The first full week of June has traditionally been a busy time on the Smith farm. In my days of being a full time farmer from 1969 to 2003, I was sometimes still planting soybeans when June 10 rolled around. A major reason for being somewhat behind other farmers is that I farmed several hundred acres on the Missouri River bottom that did not dry as fast as the fields in the hills. 

Going back even further, hectic times in early June trace to the fact that University of Nebraska graduation usually took place the second Saturday of June. That meant that jobs, ROTC summer camp and other summer activities started later than they do today. The year that Sharon and I graduated from college, we each had three final exams on Monday and Tuesday of graduation week. Sharon also had her 22nd birthday on Tuesday. Graduation and Army commissioning took place the following Saturday, June 10. 

Thursday between these two events we made time to get married. People ask us why we got married on a Thursday afternoon.  It was the only time open during a very busy week before our friends and classmates scattered to the four winds! 

I mention it now because that very busy week took place 50 years ago in 1961. While our situation today is much different than 50 years ago, it seems much less hectic. Our actual anniversary was Wednesday, June 8. We had our celebration on Sunday, June 5, at the park in Plattsmouth. We chose a picnic in the park over a church or meeting hall because, with my hearing problem, it is much easier for me to understand conversation in a setting where acoustics are not a problem.  

With all of the bad weather this spring, Sunday turned out to be sunny and warm with very little wind. We had enough food to feed the nearly 200 people at the picnic, plus leftovers to feed at the soup kitchen Thursday night. It was a great celebration!

With all of the distractions of the week, I still found a little time to farm and watch the markets. The crops are all in the ground and growing. Everything looks good except for the 13 acres on the river bottom which will probably end up being totally under water before the week is over. A lot of farmers are going to be hurt by the flooding. It seems ironic to have such a severe flood when the precipitation in my area has not been excessive.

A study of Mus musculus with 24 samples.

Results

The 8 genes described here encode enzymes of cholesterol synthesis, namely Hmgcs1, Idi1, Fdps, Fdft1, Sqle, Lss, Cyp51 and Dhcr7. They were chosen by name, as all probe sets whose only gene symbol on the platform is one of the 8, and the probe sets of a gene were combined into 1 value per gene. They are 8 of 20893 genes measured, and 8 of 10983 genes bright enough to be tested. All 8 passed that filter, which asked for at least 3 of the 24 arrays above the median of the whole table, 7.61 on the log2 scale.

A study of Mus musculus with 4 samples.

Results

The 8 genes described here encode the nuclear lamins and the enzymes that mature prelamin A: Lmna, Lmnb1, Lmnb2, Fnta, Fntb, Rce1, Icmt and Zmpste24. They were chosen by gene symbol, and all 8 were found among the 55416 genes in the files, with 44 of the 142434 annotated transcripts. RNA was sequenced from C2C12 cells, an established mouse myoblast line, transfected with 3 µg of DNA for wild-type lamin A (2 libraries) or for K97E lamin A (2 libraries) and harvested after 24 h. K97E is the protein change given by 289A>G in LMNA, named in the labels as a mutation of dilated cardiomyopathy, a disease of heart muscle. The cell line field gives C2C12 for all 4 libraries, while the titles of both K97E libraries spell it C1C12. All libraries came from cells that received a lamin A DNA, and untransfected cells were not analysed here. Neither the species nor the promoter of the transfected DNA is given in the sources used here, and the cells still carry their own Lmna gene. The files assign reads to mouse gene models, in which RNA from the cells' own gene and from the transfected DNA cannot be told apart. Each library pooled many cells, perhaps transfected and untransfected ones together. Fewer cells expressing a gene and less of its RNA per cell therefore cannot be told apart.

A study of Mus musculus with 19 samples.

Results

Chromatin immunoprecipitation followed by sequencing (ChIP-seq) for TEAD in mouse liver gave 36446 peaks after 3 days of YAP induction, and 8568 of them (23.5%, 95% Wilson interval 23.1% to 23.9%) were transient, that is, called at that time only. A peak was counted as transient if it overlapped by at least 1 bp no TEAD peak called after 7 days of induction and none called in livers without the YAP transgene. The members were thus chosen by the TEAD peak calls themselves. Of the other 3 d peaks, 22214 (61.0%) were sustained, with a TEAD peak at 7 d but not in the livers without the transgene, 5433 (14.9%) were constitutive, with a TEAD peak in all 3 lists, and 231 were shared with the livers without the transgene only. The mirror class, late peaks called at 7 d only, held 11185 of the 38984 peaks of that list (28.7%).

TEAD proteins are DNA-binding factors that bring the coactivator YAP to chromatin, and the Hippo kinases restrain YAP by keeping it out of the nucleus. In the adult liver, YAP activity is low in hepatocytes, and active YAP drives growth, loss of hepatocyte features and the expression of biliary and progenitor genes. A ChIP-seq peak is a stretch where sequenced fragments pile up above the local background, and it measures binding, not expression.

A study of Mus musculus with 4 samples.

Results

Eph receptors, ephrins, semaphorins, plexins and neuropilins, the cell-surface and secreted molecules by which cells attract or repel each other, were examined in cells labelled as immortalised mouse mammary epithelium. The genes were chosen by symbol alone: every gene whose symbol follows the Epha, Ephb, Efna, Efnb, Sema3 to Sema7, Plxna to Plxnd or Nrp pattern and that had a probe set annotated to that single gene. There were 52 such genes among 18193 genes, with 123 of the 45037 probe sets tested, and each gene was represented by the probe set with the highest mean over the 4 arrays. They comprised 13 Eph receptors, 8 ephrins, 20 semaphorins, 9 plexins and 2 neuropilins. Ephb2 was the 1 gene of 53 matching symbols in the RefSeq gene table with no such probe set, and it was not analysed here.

The crop report that came out this week was a real shocker for the corn market. It pointed out in a big way just how tight corn supplies will be at the end of this cropping year. The result was two days of cash prices being 22 cents and 27 cents higher. This put the cash corn bids solidly into historic new territory. The cash bid for current delivery is $7.59.  The anniversary celebration was not the only thing this week that involved gold! I keep wondering how any business can pay that much for corn and make a profit. A quick take on the basis of today, being 13 cents better than a month ago, tells me that someone is making it work or basis would be going the other direction. If the basis starts to go the other way it will probably indicate that the price top in corn is near. So far that is not happening. 

The report was not nearly as friendly for soybeans. Likewise, the basis for soybeans has dropped 15 cents in the last month. I wonder how much the fact that the Council Bluffs plant is in the flood plain of the Missouri River is weighing on the cash soybean market.  It is a factor to consider if you are thinking of selling cash beans for nearby delivery.  With most of the growing season still ahead, there is still time for new highs in the soybean market. As of today, the indications are that the summer high might not exceed the February high.  At this point, I am not making any bets.